Septuagenarian journalist and professor Carole Simpson reports for CNN on the state of aging women’s affairs, and it’s not good: often widowed and abandoned by their adult children, many aging women have several cats, stop succumbing to fuckability mandates, and speak up when they are displeased. And, grotesquely, some older women have the audacity to experience menopause. Oh noes, not that!
From the article:
I told my senior and graduate students I was going to write a piece for CNN about older women, and asked: ‘When you think of old women, what comes to mind?’
The answers from the 20-somethings were what I expected. Here are just a few: ‘Wrinkles, whiskers on their face, too much makeup, smelly, tacky clothes, ugly shoes, walkers, lonely, repeat themselves, lots of cats, hot flashes, shrinking bodies, go to the bathroom all the time, knick-knacks, don’t have sex, always complaining.’
If that’s what young people think of older women, is there any wonder they don’t respect, or want to spend time with them?
Yes, that’s a great idea: ask a bunch of misogynistic, naive, and het-compliant young people what they hate about old women, and then do the opposite. And that’s exactly what Carole Simpson does, and she is very pleased with herself:
[While] my sister was so unhappy death was probably a blessing [to her,] our outlooks on age were vastly different. While she succumbed to it, I have been fighting it all my life.
As a broadcast journalist, I had to work hard, sound good and look great. I watched my weight and struggled to manage stress. I even had plastic surgery when the chin and eyes began to sag on camera.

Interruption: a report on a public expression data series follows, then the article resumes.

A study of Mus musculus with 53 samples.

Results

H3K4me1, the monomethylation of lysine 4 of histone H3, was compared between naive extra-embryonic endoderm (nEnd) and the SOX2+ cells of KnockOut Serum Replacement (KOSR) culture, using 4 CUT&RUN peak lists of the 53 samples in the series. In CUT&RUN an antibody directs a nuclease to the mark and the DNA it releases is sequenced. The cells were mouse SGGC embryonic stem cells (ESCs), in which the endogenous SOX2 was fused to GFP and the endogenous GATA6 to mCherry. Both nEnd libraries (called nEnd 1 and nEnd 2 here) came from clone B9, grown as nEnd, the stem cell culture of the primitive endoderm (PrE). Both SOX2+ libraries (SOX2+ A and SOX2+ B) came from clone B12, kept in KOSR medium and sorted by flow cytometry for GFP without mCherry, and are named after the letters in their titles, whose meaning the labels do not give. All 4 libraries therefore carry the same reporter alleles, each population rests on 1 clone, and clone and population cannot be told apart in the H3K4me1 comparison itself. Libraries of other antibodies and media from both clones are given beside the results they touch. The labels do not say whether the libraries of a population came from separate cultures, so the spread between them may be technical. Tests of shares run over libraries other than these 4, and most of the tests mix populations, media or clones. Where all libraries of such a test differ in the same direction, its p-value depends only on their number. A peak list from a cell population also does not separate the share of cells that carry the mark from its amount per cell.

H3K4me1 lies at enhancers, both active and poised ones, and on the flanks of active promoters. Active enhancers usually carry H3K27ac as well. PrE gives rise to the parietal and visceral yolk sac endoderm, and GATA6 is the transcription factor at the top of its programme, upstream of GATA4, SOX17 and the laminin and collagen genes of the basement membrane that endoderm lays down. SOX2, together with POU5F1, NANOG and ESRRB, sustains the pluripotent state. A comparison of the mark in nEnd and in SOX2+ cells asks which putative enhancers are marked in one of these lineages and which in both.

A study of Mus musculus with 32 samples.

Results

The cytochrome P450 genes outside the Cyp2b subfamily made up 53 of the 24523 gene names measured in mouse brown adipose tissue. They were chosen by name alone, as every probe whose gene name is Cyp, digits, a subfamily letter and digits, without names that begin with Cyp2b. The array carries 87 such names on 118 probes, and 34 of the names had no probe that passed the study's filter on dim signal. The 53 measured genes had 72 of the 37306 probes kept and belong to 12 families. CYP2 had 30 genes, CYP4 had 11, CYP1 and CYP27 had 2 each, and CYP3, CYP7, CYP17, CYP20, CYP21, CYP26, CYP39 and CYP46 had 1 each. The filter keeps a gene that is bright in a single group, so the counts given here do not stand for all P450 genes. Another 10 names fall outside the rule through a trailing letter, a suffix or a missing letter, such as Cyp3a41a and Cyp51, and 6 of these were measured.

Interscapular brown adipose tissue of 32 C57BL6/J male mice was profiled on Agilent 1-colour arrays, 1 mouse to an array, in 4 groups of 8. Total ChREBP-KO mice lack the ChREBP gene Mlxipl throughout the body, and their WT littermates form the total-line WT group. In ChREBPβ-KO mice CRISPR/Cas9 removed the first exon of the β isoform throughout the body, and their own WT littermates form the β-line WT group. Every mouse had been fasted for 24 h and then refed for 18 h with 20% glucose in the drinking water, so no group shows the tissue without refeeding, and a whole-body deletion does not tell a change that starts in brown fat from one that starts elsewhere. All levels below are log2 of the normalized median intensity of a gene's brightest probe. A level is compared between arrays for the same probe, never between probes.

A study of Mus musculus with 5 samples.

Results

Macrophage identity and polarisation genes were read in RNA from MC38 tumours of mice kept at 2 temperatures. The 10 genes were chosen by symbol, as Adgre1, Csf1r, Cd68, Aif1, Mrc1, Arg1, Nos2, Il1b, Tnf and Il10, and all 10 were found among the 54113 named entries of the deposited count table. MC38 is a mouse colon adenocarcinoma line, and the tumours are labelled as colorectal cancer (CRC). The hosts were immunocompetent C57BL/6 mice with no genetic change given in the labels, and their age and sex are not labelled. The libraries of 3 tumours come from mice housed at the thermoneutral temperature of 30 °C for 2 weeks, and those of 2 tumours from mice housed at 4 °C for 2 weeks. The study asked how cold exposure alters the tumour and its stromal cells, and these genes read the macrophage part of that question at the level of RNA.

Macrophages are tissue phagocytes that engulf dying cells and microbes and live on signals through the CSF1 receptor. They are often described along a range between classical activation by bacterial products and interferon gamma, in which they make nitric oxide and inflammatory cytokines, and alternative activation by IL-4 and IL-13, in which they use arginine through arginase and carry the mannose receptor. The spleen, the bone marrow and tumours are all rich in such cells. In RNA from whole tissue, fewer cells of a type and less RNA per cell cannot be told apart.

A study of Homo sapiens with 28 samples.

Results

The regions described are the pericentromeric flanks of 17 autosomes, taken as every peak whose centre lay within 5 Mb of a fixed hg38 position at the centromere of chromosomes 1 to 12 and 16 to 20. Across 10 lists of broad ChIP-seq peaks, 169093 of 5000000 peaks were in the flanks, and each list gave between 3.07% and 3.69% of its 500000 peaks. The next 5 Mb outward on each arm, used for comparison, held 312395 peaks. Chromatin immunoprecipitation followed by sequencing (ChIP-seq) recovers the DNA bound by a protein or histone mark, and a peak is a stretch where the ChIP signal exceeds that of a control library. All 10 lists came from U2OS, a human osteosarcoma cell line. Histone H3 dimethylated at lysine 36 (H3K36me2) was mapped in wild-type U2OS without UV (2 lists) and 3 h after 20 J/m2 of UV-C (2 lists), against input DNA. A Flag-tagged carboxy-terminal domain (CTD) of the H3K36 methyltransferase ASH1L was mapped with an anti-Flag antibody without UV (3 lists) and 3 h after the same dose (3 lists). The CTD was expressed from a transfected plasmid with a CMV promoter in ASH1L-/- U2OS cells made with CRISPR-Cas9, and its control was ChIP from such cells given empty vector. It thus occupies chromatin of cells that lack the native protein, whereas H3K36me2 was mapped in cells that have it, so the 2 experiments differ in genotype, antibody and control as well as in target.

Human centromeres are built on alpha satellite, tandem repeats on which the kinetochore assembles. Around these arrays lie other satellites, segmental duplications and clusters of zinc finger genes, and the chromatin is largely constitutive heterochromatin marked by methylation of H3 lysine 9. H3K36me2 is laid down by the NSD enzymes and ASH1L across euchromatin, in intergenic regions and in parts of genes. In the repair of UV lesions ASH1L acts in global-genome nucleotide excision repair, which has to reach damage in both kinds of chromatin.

Now that I am teaching, I am trying to change young people’s perception of what it is to be an older woman. I don’t leave the house without being dressed appropriately, made-up and hair groomed.
I laugh heartily at my students’ jokes and the YouTube videos they share. I seek out fun and look for all the little joys in life, like popcorn and Junior Mints at the movies.
I try not to complain about every ache and pain that strikes.
I mentor my students and now they seek me out for advice on matters professional and private.
Okay, congratulations? I guess? She has managed to live her entire life within the gynocidal, crippling confines of patriarchy, and despite all of her experience with men, dangerous male sexuality and male-centric institutions, her only advice to other girls and women is to keep up the status quo to our own obvious detriment, to do it as much and for as long as we can, and then to do it MOAR.
Indeed, her conclusion is probably the most troubling of all:
I think there are growing numbers of older women of my generation who are turning outward instead of inward and showing society that we have value, wisdom and a love of life.
Maybe we will make the difference and achieve what has eluded elder females for way too long: R-E-S-P-E-C-T.
Thanks for clearing that up, Ms. HOTP. Wearing makeup and having unnecessary, painful and expensive cosmetic surgery, and being extroverted and social instead of contemplative or political is what women are worth (our value), and demonstrate wisdom (of how to survive as a female-bodied person under the P). And showing and telling everyone how much we love it, and that we love our constricted, oppressive existences makes it easier for us and everyone else to swallow, and to ignore how outrageous, pathetic and disgusting this all is.
If we are lucky, we can aspire to that, and pretend it’s the same thing as getting “respect” or being respected. You know, that thing that men experience throughout their entire lives, whether they are old, young, or somewhere in between. If that’s luck, I hate to even ask what an “unlucky” woman might encounter in her old age. And I definitely wouldn’t recommend reading Dworkin on women and aging, unless you really want to know the answer to that.